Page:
That the system for tax exemptions offered by the Treasury has been abused by some companies and individuals is one of the worse-kept secrets.
It is therefore a welcome move that the Treasury is seeking to find out and recover what has been lost irregularly and put it back to the public purse.
The method the Treasury is using is to go through the books of the suspect organisations and individuals to establish whether they abused the exemptions that they received in the past.
Such an audit is welcome because it will reveal the extent of the problem and show the loopholes that should be sealed to improve tax compliance.
The drawback with the audit however is that it dwells on the past and it is being conducted by the agency that gave the exemptions in the first place. It goes into historical issues and it may very well be difficult to recover the lost money where the concerned entities are no longer in operation or where evidence will be hard to come by.
There is a need to get a way forward beyond the audit. For one, the discretion given to Treasury officials could be one major issue because they can determine whether an institution deserves the exemption or not.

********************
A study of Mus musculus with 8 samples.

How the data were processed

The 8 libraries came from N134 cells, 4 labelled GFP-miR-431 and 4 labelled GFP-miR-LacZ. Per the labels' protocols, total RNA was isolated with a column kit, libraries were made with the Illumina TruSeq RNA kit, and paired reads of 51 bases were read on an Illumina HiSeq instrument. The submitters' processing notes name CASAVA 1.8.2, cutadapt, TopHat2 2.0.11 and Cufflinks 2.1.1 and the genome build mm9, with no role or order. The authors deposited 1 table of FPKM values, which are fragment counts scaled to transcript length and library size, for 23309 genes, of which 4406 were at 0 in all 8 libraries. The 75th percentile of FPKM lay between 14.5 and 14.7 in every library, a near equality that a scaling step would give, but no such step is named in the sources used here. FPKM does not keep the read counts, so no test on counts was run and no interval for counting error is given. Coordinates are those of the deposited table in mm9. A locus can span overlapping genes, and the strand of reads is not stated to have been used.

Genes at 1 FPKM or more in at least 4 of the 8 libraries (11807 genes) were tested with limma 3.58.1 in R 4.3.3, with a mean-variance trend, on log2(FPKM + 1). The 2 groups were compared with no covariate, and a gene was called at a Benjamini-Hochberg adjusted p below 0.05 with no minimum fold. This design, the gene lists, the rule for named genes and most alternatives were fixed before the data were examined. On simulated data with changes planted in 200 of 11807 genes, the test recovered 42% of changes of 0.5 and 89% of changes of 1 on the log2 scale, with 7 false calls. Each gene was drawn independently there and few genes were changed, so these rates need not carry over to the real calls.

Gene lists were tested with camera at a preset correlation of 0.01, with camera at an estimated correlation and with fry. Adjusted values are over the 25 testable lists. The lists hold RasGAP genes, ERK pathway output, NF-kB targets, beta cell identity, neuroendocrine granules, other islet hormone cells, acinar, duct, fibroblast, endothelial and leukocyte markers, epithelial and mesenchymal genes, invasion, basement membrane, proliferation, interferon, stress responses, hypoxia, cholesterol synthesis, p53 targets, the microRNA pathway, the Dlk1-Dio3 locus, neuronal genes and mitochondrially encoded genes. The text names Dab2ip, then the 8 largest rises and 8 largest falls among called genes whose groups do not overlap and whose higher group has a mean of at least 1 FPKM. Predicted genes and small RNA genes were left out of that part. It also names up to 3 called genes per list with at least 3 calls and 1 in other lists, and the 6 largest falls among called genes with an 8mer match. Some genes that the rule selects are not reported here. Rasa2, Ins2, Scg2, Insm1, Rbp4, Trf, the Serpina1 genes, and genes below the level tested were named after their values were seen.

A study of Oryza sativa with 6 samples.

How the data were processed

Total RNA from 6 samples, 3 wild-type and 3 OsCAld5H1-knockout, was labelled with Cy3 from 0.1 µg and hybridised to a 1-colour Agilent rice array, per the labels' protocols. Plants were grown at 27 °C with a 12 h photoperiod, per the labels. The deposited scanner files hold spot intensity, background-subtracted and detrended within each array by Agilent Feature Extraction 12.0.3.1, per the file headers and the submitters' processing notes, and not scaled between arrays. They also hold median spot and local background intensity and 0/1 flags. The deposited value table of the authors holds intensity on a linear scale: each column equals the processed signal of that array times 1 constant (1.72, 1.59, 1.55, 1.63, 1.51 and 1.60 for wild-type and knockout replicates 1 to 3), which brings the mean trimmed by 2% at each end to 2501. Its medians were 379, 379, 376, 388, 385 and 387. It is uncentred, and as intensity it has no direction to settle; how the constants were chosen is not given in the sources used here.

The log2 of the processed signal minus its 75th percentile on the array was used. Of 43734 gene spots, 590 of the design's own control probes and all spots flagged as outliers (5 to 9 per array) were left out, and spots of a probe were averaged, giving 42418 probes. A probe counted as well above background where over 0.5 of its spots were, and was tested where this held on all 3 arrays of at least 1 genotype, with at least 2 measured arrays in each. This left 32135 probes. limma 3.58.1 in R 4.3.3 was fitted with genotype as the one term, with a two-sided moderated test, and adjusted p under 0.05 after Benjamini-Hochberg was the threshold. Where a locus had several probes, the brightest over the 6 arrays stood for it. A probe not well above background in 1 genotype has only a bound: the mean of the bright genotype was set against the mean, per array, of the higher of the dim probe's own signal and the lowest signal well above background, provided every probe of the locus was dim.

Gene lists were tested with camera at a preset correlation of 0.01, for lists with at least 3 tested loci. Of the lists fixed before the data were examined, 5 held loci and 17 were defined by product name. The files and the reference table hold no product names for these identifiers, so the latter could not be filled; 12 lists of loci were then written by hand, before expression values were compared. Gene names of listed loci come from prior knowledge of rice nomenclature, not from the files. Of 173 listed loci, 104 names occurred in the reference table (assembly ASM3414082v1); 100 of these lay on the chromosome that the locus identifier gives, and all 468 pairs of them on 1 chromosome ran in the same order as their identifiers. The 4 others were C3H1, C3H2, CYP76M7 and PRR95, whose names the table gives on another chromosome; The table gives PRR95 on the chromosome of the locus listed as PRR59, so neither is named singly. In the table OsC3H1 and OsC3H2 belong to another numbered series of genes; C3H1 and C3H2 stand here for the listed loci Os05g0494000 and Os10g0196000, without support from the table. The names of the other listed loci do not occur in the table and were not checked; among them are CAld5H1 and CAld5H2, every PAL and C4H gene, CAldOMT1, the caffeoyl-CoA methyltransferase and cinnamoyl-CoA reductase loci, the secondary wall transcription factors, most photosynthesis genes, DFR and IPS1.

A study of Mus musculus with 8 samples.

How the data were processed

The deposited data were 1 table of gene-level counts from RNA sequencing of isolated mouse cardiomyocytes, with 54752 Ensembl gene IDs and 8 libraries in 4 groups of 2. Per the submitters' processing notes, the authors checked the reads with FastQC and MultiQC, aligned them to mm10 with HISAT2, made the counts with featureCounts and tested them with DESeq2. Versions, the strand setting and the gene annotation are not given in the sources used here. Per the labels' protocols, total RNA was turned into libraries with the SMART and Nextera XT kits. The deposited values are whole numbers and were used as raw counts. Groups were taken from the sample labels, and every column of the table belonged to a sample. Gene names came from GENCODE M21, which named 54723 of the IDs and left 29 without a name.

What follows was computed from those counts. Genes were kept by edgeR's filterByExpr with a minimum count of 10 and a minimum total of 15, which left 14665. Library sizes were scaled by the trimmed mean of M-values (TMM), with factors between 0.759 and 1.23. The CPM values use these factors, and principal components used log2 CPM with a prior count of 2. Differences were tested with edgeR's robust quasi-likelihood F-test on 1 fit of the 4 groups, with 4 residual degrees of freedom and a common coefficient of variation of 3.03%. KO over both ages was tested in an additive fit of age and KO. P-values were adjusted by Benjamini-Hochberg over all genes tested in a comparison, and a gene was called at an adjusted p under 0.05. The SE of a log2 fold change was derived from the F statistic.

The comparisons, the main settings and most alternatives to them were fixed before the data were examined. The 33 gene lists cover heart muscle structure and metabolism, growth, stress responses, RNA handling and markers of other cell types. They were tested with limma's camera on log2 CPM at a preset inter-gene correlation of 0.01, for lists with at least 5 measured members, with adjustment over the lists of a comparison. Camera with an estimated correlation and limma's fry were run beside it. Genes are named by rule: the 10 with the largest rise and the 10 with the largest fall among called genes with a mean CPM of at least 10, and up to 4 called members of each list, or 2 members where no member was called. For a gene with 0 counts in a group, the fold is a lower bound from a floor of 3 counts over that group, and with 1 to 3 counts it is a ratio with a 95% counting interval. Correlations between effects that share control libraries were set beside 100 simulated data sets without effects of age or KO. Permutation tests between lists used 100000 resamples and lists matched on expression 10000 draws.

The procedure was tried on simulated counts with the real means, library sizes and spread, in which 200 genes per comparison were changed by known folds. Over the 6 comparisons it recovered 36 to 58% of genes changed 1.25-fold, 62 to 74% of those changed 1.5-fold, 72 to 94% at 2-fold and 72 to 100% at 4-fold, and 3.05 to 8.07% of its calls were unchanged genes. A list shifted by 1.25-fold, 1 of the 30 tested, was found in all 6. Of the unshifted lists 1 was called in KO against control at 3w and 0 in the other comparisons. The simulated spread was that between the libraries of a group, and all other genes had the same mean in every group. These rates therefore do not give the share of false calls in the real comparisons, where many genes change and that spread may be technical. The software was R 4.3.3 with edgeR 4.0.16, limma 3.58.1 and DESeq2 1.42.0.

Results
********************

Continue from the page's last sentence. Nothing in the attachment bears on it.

This discretion should more clearly defined.
Second, it would appear that the certificate of exemption for donor-funded projects does not adequately describe the work or project that will benefit from exemption.
As a result, the contractor uses the same certificate to procure tax-free materials for multiple projects, including those that are purely commercial and are not those originally meant to benefit from the exemption. This is tantamount to theft of public funds and companies found culpable should be made to pay back the money besides facing other sanctions.
In the long run, however, there should be more robust monitoring of the usage of the certificates to ensure they are not misused.
Finally, all government agencies should put in place systems that ensure abuse of the exemptions does not happen in the first place.